On television, “Dalek” is a masterpiece and possibly the best hour of the revived Doctor Who has yet produced. I’ve loved it since it first enthralled me upon first airing and it’s probably the new Who episode I’ve revisited the most.
So, when news broke that Rob Shearman was adapting the story for the second set of new Who Target novels, I was very excited. And a bit nervous, fearing the novel might not live up to my lofty expectations. Expectations only grew when the four new Target novels were pushed back a year in the early days of the pandemic and lockdown.*
* On a positive note, this gave me a chance to explore some of Shearman’s other writings, including his collection of non-Who short stories. This, as it turns out, was a very good thing.
And so it was, at last, that the four new Target novels hit my download queue and I could finally take a listen to “Dalek.” And I’m happy to report that Shearman has hit out of the park with this one. He’s taken one of the quintessential episodes of Doctor Who and turned it into a quintessential Target adaptation. I’m not sure I could have enjoyed this one more.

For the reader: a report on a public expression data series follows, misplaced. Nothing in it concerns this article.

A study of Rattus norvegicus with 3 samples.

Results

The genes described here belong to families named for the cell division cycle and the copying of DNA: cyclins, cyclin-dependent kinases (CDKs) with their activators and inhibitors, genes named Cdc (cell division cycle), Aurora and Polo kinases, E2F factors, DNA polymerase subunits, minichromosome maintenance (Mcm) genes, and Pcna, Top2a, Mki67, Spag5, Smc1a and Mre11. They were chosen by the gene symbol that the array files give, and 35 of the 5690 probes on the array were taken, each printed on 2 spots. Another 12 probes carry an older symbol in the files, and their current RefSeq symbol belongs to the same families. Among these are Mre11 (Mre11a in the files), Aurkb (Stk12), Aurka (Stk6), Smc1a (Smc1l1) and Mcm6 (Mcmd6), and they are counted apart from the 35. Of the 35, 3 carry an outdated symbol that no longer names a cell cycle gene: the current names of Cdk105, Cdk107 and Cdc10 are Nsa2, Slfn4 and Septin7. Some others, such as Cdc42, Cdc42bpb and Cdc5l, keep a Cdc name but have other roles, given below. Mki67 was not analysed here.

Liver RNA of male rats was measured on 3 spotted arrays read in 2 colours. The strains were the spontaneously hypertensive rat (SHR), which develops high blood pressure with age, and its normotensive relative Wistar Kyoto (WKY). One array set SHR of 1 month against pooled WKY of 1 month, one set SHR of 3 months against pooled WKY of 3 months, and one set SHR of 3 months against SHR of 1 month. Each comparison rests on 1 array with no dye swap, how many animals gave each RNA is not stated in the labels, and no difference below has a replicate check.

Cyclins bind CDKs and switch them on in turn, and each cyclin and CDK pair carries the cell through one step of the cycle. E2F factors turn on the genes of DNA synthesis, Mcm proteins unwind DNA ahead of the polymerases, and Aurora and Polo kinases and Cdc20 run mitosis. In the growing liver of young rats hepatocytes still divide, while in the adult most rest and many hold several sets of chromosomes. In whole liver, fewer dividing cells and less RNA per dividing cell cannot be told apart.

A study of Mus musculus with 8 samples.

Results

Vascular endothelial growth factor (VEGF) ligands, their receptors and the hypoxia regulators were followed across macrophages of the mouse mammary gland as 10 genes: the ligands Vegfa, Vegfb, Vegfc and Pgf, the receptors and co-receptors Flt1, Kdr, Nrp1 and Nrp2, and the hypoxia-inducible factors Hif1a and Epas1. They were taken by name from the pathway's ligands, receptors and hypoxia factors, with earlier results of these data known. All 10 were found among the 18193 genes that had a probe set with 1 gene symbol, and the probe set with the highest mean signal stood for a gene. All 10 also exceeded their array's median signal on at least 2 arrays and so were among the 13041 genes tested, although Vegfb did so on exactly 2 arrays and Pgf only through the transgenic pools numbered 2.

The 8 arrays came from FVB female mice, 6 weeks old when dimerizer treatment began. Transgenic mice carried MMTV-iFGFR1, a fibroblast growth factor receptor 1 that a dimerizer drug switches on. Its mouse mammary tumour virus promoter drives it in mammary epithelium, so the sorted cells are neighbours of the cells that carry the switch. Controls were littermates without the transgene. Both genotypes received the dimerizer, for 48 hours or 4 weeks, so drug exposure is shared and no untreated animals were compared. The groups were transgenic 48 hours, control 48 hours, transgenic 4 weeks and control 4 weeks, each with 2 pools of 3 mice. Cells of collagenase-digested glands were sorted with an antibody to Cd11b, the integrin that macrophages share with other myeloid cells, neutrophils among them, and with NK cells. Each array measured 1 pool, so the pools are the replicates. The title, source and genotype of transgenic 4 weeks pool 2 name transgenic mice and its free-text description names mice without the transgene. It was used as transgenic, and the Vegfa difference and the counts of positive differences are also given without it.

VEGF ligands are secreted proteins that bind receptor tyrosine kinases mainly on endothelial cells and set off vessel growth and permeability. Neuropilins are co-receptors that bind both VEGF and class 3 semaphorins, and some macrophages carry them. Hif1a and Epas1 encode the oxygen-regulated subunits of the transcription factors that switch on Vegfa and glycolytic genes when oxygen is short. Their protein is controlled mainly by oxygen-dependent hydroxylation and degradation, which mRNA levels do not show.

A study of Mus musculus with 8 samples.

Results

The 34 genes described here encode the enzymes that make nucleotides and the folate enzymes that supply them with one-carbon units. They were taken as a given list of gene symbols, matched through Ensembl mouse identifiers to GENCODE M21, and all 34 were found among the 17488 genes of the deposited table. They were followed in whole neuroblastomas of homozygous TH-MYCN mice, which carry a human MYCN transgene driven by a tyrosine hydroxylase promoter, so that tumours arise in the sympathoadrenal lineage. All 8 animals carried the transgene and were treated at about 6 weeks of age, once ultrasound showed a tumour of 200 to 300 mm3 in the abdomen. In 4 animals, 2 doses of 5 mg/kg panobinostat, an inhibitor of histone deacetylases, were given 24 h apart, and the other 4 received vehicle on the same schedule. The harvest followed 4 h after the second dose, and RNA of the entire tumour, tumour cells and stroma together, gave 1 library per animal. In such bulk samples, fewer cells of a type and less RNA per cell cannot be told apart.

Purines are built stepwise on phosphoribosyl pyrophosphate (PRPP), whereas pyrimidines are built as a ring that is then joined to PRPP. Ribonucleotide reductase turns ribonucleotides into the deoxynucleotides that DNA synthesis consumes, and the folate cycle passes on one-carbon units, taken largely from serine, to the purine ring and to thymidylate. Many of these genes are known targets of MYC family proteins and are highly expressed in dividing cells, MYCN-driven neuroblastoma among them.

Like many of the great Target novels of my youth, Shearman tells the same story in an entirely different way on the printed page. The original episode is a bit action-heavy, which Shearman translates well to the printed page. But beyond that, he uses the printed page to explore the characters more — providing backstory to many of the major and minor characters we meet in the Dalek’s attack on VanStatten’s underground bunker. The backstories fill in a few details and created an investment so that when many of these characters are exterminated (and there is a lot of exterminated going on here), the loss is felt a bit more profoundly.
There’s even a passage in which Shearman examines what it really means to have a Dalek exterminate someone that is truly haunting and memorable.
This is one of the few books that not only lived up to but exceeded my expectations. I couldn’t be happier with it. Listening to the audio, the performance by Nick Briggs is nothing short of spectacular.
This one sits up there with “Day of the Daleks,” “Remembrance of the Daleks,” Black Orchid,” and “The Cave Monsters,” and “The Curse of Fenric” as one of the crown jewels of the Target line.